China wants North Korea to remain as a buffer state

Updated By on Apr 24, 2017, 09:00 am

This assertion is not an exaggeration considering a series of steps that China has been making. According to a Beijing source familiar with China-North Korea relations on Sunday, China's real intention is well shown in the editorial of the Global Times, the sister newspaper of the People's Daily, published on Saturday. The newspaper made it clear that China will respond immediately if the U.S. and South Korea try to topple the North Korean regime through military intervention. China clearly showed its strong will not to allow North Korea to be collapsed by external attacks.

Even if the worst comes, China's attempt not to cut off crude supply, which is like the lifeline of North Korea, is in the same context. Currently, it is estimated that North Korea imports about 500,000 tons of crude oil from China annually. Obviously, North Korea will be in serious trouble if China halts crude oil exports to North Korea. Even if the North hurriedly releases its crude oil reserves, there is a limit. The military oil to be used in case of emergency is also likely to fall short. Nevertheless, China doesn't seem to be considering this powerful card. Rather, China is raising its voice through the media and opinion leaders that it should stop the collapse of the North Korean economy by providing the least amount of crude oil.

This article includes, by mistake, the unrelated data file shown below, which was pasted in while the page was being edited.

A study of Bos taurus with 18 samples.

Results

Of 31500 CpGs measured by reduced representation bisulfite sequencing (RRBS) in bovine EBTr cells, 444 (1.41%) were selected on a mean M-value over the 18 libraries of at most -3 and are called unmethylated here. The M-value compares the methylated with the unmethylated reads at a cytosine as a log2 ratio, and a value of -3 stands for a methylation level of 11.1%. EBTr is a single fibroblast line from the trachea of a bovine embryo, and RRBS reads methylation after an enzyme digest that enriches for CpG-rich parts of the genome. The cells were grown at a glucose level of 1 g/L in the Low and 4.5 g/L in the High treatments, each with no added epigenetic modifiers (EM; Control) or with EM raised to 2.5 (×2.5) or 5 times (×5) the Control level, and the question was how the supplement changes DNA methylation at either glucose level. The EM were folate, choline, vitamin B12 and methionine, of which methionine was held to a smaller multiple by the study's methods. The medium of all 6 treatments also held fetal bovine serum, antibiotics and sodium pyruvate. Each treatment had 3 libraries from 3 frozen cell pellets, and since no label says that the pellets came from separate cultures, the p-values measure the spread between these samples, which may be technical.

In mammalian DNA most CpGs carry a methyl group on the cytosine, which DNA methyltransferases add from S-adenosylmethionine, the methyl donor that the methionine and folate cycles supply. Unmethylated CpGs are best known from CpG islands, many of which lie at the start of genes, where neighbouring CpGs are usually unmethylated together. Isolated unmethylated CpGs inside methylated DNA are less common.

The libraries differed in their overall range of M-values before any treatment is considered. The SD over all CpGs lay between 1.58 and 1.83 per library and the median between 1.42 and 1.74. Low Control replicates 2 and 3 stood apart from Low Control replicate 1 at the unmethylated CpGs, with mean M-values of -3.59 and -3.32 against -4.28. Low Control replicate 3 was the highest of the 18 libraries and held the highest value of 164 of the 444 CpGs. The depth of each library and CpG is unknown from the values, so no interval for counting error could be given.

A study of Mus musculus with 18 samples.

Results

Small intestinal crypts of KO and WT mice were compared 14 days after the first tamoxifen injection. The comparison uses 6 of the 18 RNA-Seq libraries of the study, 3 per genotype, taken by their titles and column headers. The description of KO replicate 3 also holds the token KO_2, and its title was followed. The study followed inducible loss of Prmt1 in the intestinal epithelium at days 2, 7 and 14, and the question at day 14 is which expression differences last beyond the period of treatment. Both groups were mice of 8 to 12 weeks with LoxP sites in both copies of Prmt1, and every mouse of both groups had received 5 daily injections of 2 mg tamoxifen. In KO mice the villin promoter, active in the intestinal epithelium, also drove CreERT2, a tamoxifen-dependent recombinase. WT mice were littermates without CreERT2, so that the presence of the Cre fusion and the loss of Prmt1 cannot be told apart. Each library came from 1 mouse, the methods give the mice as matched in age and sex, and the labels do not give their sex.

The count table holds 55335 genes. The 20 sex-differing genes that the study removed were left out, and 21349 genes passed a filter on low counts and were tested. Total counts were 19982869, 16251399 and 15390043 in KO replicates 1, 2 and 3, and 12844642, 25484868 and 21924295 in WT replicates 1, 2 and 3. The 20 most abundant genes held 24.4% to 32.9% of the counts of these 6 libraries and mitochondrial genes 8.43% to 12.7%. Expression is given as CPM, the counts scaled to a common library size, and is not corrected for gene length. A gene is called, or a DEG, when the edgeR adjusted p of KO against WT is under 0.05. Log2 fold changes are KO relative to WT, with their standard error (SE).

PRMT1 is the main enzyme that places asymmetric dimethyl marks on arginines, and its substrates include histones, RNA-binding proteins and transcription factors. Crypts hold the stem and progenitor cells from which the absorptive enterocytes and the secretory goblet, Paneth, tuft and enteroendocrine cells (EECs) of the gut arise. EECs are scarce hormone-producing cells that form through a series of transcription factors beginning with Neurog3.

The East Sea Fleet of the People's Liberation Army Navy, which is frequently being trained in the western coast of South Korea./ Source: China Youth Daily

On the military side, China seems to be hoping that the North Korean regime remains firmly to remain as a buffer state. For instance, China has dispatched a large number of troops to the North Korean border near the Yalu River and has strengthened its awareness in preparing for war. Besides, the East Sea Fleet of the People's Liberation Army Navy has been carrying a series of military drills in the western coast of South Korea. All of these moves prove that China has been doing military demonstrations to support North Korea. Prof. J of Peking University, who demanded anonymity, said, "China would rather replace Kim Jong-un regime in the worst case than abandoning North Korea. The value of North Korea as a strategic assets for China is beyond imagination." We could conclude that China wants to maintain the status quo.